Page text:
When he’s asked about Wiscasset Water District’s arrangement with Edgecomb for handling wastewater, Superintendent Chris Cossette answered with one sentence: “We don’t have one.”
The reason, he explained, is the water district’s only involvement with wastewater in Edgecomb is that it prepares and processes the billing for Edgecomb’s use of Wiscasset’s wastewater treatment facility.
Cossette explained in a recent interview with the Boothbay Register that the water district prepares and mails bills for water and sewer use for the approximately 65 customers living in the Davis Island section of Edgecomb. The charges are based on the usage shown on meters at the Edgecomb properties. WWD personnel read the meters.
This administrative procedure has been in place with Edgecomb for almost 15 years, with Edgecomb paying the water district a fee to provide billing and processing services. The fee is based on the number of customers and is currently $1,600 annually for 65-70 customers. The fee is paid by the town, not by the individual user.
In 2005, when a tax increment financing (TIF) district was created to fund the installation of water and sewer lines from Davis Island to Wiscasset for a proposed housing development, Wiscasset Water District agreed to provide the billing service. While the sewer collection line from Edgecomb to Wiscasset is owned by Edgecomb, the other sewer lines that service Davis Island properties are privately owned.
Edgecomb residents using the town’s sewer line receive a bill from Wiscasset Water District that shows charges for water and sewer individually. They pay the total of both amounts to WWD, which then collects the funds and sends a check for the wastewater portion to Edgecomb. The process is much like a third-party company that handles billing for physicians’ offices.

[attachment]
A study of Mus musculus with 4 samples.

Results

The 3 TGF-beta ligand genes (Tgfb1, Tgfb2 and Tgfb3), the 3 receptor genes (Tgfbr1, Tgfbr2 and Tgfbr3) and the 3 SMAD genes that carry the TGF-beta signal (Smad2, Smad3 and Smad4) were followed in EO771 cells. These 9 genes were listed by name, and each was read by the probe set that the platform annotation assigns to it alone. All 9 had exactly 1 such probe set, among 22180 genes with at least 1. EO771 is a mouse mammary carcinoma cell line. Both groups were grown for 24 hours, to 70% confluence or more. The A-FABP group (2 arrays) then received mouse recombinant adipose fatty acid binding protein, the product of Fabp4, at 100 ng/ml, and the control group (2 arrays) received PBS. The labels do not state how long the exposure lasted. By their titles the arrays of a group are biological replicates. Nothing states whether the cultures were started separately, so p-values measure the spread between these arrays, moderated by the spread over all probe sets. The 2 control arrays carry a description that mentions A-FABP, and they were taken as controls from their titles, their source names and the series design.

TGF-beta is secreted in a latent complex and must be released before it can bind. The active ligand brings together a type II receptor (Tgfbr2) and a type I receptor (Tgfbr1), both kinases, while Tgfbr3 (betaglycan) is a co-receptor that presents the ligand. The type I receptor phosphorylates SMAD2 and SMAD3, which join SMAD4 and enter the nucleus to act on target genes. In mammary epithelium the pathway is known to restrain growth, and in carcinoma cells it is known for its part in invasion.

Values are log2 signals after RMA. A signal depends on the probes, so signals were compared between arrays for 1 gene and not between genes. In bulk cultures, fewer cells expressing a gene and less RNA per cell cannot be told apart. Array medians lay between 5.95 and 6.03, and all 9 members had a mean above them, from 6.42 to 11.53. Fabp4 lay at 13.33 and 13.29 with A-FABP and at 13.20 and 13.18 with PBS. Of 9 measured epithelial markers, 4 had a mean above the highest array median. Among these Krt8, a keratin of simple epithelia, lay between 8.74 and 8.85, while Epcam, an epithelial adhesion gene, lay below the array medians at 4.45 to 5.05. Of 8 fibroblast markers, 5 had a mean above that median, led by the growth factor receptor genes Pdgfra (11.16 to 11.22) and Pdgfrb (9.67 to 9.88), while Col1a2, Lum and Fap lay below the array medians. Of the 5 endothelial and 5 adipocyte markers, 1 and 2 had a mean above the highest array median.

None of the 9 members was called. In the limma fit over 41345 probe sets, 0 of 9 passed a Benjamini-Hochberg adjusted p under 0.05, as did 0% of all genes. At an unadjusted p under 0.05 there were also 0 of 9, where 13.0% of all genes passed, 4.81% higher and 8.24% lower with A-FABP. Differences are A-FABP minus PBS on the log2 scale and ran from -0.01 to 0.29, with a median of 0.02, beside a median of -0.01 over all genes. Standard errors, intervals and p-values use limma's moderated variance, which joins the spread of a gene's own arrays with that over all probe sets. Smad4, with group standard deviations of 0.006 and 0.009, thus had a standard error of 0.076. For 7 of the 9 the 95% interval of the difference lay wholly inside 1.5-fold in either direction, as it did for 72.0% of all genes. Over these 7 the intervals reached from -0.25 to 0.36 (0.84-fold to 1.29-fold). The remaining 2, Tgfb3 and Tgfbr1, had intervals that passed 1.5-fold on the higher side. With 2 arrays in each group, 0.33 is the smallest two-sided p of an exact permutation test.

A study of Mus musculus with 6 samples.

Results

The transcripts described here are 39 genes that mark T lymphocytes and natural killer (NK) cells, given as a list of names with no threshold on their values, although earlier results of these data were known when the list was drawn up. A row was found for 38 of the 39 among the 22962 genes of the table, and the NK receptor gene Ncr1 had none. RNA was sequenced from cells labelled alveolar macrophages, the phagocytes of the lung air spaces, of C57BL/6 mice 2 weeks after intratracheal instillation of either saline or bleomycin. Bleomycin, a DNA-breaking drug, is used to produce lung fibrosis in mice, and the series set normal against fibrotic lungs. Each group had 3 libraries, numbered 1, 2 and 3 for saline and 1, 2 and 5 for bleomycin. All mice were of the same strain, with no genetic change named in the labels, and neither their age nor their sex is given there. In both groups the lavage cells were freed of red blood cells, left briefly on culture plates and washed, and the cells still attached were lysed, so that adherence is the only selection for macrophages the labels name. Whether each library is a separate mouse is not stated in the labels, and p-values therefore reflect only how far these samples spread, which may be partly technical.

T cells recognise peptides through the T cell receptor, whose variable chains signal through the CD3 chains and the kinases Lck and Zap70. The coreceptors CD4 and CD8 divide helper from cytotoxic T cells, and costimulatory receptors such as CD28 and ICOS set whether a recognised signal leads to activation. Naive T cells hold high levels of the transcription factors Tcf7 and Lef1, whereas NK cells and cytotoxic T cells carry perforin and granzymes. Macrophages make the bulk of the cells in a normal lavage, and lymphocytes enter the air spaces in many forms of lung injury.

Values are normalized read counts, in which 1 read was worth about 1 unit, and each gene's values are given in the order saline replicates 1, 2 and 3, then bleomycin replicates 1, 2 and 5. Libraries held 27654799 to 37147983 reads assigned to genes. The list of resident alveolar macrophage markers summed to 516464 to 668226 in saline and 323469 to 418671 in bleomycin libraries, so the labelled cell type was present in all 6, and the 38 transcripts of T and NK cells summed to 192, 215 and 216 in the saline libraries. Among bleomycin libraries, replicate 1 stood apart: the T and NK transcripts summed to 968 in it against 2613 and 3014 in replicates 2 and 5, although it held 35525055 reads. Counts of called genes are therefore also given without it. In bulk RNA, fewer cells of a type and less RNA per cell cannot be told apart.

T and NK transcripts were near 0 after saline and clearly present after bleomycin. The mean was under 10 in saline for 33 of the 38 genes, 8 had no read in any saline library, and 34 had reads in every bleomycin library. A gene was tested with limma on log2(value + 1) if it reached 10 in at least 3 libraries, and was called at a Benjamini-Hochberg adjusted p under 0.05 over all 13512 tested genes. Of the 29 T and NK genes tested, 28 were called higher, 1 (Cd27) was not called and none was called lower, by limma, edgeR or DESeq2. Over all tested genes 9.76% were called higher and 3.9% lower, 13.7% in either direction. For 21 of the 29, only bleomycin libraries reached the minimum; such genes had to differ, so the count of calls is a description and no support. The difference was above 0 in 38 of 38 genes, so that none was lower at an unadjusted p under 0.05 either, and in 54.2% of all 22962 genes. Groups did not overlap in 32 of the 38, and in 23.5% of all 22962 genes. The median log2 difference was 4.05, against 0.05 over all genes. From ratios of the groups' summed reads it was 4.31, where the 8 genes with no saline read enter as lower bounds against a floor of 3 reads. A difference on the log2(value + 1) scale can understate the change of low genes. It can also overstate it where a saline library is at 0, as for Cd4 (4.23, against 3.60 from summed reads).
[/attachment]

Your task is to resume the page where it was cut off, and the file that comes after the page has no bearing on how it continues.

The agreement could be terminated by either party, with six months’ notice. If the agreement ever ended, it could mean Edgecomb is faced with the additional expense of installing and reading water meters, billing customers and collecting payments.
As Cossette explained the administrative function, “We already do the billing for the water district; we have the software and equipment as well as the water meters for it.” The water district provides the same sewer billing function for Wiscasset.
Edgecomb has recently seen a 14% increase in its wastewater fees – from $27.36 per 300 cubic feet to $31.20 per 300 cubic feet – because it previously agreed to be billed at the same rate as Wiscasset users and those rates were raised in July.
As a result, Edgecomb is now faced with addressing the difference between the amount currently paid by its residents and the amount billed to it by Wiscasset.
Edgecomb selectmen will continue to discuss the price increase and have invited Cossette to their next meeting, at 6 p.m. Monday, Nov. 4 at the town office.
As head of the water district for the past 16 years, Cossette’s view spans its history as well as plans for the future. With 25 miles of pipe, WWD receives its water from Bath Water District and is billed in much the same way Edgecomb is billed by Wiscasset.
“They were so smart 100 years ago,” Cossette said about how the water system was designed. “They planned for this.” The challenge now is to plan for the next 100 years. Toward that end, WWD has just completed the last of 18 improvement projects over 10 years that have replaced all of the 100-plus-year-old pipe.
WWD is a member of the 5 Rivers Regional Waters Council, an organization of area water districts that work collaboratively to make sure increasing water needs are met. “As a regional entity, we are looking at what we need to do for the future system,” and a discussion of future water needs “should also be in each town’s comprehensive plan,” Cossette said.
For now, however, WWD and Edgecomb continue to rely on each other in a cooperative arrangement that bills Edgecomb for wastewater and provides water for the 60-some residents of Davis Island.